The Russian banker who met with President Donald Trump's son-in-law, Jared Kushner, a month before the inauguration refused Friday to say what they discussed and whether he's been contacted by the FBI.
"Sorry, sorry," Sergey Gorkov said when pressed by NBC News at the St. Petersburg International Economic Forum.
Gorkov, chairman of the state-owned VneshEconomBank, exited the event amid a scrum of people as correspondent Keir Simmons repeatedly asked him to clarify the circumstances of the December meeting. As Simmons tried to walk alongside Gorkov, the correspondent said, "please don't push me out the way." It wasn't immediately clear who pushed Simmons.
"I explained all comments before," Gorkov then said.
Gorkov, a longtime economic aide to Russian President Vladimir Putin, has said in a written statement to Reuters that his encounter with Kushner, a Trump adviser, was a business meeting. According to Reuters, Gorkov met "with a number of representatives of the largest banks and business establishments of the U.S., including Jared Kushner, the head of Kushner Companies."
The White House has characterized the meeting as part of Kushner's role as a transition adviser and conduit for the State Department.
But neither VEB nor the White House have disclosed the location, exact date, or what the two men talked about.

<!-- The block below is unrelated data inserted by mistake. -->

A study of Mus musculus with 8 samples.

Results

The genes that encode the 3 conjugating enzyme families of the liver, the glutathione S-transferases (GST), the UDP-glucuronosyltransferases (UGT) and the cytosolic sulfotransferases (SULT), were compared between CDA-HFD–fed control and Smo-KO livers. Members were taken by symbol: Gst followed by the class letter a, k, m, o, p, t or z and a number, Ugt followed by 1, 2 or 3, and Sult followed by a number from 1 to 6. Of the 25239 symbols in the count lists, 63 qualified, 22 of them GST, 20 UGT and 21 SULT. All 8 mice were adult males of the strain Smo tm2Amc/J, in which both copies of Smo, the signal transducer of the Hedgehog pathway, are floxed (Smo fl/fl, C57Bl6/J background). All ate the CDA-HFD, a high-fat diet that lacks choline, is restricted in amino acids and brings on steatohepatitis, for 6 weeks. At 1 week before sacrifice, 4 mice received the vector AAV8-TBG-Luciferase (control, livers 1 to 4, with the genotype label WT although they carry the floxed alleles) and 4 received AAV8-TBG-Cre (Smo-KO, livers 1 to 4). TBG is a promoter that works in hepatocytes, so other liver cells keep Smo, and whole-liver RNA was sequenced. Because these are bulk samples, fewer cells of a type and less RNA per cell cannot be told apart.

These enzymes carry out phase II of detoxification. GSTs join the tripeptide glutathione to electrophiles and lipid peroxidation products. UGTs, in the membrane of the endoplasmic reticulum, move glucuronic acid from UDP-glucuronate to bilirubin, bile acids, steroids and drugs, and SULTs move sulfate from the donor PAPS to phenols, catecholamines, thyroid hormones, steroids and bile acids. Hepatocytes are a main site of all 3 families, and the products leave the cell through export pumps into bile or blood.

The meeting has drawn interest from congressional aides, who have said they want to ask Kushner about it.
Kushner's connections to Russia have come under scrutiny by the FBI, which is investigating whether Trump associates coordinated with the Russian campaign to interfere in the election, multiple U.S. officials have told NBC News.
The Washington Post reported last week that Kushner allegedly proposed setting up a secret "communications channel" between the Trump transition team and the Kremlin.
The FBI and Congress are also examining a campaign event last spring during which Trump, Kushner and Jeff Sessions ─ who was then a U.S. senator and campaign adviser, and is now the U.S. attorney general ─ attended a small gathering with several diplomats, including Russia's ambassador to the United States, multiple U.S. officials have told NBC News.
Investigators believe Kushner has significant information relevant to their inquiry, officials said. That does not mean they suspect him of a crime or intend to charge him.